Heads up for the lovely wearables group; With guest speakers: Jessica Thompson, and the H2.0 Collective
Wednesday October 12, 2011
205 Richmond, room 7602
The Toronto Wearables Meetup is a gathering of people interested in wearable technology, fashion, wearable electronics, soft circuits, electronic textiles, emerging materials, and other creative and innovative approaches to things that live on the body. This Meetup is intended for artists, fashion designers, industrial designers, textile enthusiasts, engineers, researchers, students, and anyone interested in these emerging and intersecting fields.
Jessica Thompson is a media artist whose projects facilitate social situations in public space through sound, performance and wearable technologies. Her studio practice involves the creation of interactive sound pieces that audience members are invited to borrow and use within urban environments, and large-scale collaborative performances.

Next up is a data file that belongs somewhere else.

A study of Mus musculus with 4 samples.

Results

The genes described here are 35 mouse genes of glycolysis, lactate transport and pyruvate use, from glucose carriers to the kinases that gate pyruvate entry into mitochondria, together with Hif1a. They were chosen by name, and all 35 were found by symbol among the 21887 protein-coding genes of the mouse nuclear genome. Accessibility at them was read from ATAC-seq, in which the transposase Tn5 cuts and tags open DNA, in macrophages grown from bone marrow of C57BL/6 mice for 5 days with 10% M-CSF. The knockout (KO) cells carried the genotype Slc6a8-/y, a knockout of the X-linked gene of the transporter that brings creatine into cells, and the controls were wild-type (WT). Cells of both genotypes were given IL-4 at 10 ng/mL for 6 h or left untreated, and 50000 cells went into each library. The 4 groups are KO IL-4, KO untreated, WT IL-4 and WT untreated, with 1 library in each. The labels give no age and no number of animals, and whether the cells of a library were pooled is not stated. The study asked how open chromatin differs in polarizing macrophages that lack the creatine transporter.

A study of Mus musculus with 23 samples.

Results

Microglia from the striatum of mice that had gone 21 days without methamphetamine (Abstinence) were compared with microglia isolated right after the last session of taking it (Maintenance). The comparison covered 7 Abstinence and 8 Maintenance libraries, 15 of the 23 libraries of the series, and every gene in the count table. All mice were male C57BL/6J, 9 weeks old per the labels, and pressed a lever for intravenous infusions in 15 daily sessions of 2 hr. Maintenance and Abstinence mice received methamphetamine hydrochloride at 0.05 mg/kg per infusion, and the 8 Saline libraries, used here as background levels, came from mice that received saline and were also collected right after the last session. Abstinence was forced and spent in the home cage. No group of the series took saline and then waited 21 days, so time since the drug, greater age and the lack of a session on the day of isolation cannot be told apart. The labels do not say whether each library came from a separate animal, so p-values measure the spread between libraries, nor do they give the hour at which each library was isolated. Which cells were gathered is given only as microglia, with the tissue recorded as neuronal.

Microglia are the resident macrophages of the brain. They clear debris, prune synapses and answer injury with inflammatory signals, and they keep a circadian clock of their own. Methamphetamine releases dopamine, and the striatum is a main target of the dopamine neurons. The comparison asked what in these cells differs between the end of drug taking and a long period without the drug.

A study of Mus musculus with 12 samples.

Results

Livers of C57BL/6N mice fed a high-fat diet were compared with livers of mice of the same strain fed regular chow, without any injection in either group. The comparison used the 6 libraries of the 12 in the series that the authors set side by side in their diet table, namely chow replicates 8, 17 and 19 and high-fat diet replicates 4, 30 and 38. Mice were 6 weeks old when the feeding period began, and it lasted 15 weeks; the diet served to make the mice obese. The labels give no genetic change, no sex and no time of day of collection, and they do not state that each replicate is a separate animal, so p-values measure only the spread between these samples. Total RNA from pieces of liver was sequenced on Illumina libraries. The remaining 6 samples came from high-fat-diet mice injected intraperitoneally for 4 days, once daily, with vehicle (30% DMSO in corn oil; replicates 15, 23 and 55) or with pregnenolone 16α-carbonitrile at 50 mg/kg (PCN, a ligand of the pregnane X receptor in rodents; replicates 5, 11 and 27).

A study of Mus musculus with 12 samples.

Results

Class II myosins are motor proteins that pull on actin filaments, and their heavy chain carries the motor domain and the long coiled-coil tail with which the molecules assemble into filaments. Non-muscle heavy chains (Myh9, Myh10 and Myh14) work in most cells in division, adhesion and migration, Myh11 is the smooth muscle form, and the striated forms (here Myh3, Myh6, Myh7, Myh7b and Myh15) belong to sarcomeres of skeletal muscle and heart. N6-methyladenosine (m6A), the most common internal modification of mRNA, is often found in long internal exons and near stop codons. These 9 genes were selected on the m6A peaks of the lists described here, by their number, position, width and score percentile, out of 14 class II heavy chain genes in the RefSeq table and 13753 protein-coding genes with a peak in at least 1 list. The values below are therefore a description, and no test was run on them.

Her work has been shown in numerous national and international exhibitions and festivals such as ISEA 2006 (San Jose, CA), FINE/LINE (Denmark), the Conflux Festival (New York), the Deep Wireless Festival of Radio and Transmission Art, (Toronto) and most recently at the Norsk Teknisk Museum (Oslo). Her projects have appeared in publications such as Canadian Art, c Magazine, Acoustic Territories, and numerous art and technology blogs. She holds a BFA in Visual Art from York University in Toronto and an MFA in Emerging Practices from SUNY at Buffalo.
Jessica Thompson: http://www.jessicathompson.ca
The H2.0 Collective consists of OCAD art and design students Loretta Faveri, Joanne Jin, Michael Vaughn and Chris Holborn. The Collective launched their first exhibition at Nuit Blanche 2011, for which they designed a series of anthropomorphic dresses that interact with viewer’s movement, speech, and proximity. Through this work the H2.0 Collective raises the issue of modern society’s reliance on technologies to represent one’s sentiments, while at the same time humouring and impressing the viewer with the capabilities of wearable soft circuits encased in their clever designs.